Last week I had a chance to attend a special council meeting with 13 students from Lakes District Secondary School (LDSS).
The Grade 10 and 12 students paid close attention to the council meeting because they had the task to hold mock elections and enact a mock council meeting the following day.
After the meeting, students sat around the table with mayor and councillors and shared a meal while learning all about our local government.
You might picture this event as one of those meetings with long awkward silences. But it wasn’t. It was a genuine and pleasantly casual conversation about how to make our village a better place to live.
In fact, I honestly don’t know who learned more – the students, council or myself.
First, students had the chance to ask council some questions – whether or not candidates could vote for themselves; how much money councillors earned; and how many councillors were required to vote on a motion.
Then, councillors asked students for their feedback on a variety of issues that currently affect the village.
When asked what kind of facilities students would like to see in town, their answer was unanimous – a pool. Students also mentioned that they would like to see a Tim Hortons and a book store (and who wouldn’t?).
Councillor Susan Schienbein, who’s been encouraging Burns Lake residents to shop more locally, asked students where they usually go for shopping. Students said they usually go to Prince George. Schienbein then asked if it would make a difference if Burns Lake had more options of clothing stores. The students responded that they would probably still go to Prince George because they would be worried about everyone wearing the same clothes.
The meeting even led to interesting topics such as “should Burns Lake become a town, as oppose to a village?” (that topic will certainly be in next week’s paper, so make sure you buy our next issue). Apparently the population of Burns Lake has increased to a point where we can now choose if we want to become a town. Council and students discussed what would be the advantages and disadvantages of making this change. Some questions were left unanswered, including whether or not becoming a town would make it easier for the village to acquire grants (just another reason for you to read next week’s paper).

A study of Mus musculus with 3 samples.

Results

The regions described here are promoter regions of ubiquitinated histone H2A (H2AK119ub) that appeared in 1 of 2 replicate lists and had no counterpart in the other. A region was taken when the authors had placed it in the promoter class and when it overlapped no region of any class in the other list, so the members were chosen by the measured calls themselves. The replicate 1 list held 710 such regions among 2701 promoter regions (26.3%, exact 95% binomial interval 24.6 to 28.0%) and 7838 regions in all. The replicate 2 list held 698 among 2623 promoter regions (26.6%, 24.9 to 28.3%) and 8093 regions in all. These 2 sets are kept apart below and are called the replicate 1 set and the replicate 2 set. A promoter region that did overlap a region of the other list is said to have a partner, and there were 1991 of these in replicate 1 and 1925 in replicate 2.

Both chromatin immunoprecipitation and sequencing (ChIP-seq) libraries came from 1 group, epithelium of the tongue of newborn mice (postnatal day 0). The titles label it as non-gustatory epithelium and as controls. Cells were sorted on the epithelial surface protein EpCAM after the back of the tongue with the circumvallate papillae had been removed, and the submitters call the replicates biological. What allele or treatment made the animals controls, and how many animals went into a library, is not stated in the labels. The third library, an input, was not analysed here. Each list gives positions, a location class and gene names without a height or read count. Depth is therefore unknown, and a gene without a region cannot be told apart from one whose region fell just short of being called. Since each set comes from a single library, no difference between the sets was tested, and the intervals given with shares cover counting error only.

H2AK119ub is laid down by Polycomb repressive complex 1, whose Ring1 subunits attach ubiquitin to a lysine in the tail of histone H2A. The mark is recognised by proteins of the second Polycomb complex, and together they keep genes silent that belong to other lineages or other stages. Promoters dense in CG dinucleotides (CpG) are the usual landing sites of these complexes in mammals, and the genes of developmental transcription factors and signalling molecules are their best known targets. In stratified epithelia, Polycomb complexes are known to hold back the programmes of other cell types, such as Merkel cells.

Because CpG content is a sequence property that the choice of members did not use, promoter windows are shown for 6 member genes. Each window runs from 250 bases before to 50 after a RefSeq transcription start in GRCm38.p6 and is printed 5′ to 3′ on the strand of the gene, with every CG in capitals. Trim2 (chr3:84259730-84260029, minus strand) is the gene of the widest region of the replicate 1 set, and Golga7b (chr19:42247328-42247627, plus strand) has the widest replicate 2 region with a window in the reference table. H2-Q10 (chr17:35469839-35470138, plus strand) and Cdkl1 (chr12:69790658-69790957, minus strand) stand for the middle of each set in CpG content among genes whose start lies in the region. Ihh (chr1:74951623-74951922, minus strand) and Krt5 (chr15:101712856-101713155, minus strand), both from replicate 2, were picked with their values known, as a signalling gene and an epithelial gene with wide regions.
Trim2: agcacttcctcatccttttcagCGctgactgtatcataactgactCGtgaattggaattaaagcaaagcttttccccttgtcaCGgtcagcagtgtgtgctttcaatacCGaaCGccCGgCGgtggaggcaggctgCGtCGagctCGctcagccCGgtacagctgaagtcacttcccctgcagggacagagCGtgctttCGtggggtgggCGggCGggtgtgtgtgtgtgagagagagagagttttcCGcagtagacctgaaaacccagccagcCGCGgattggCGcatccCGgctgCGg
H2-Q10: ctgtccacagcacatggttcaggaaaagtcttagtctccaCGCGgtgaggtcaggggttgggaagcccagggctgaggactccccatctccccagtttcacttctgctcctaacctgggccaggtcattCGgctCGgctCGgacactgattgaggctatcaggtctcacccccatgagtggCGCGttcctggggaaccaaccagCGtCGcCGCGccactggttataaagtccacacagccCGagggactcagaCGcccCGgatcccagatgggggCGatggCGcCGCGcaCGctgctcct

Council also explained how much money the village has available for its budget every year and how much of this amount originates from taxation and grants (I must confess that I learned more than I was expecting during that meeting).
Kudos to the village and School District No. 91 (Nechako Lakes) to develop this program, called ‘project local government.’
This project has been going on for six years, and it started when village council and staff were seeking a way to involve and educate students about local government operations, and introduce them to potential careers in the local government field. But in my opinion, this project goes way beyond that. Low voter turnout of youth in Canada is not a new topic and it has generated a great deal of concern.
Councillor Schienbein inspired students by saying that youth is the most underutilized power in this country. And she is right – if more youth followed politics and voted, they could bring about change on a number of different issues. I hope LDSS students realize what a great opportunity they are having (and that they learned as much as I did).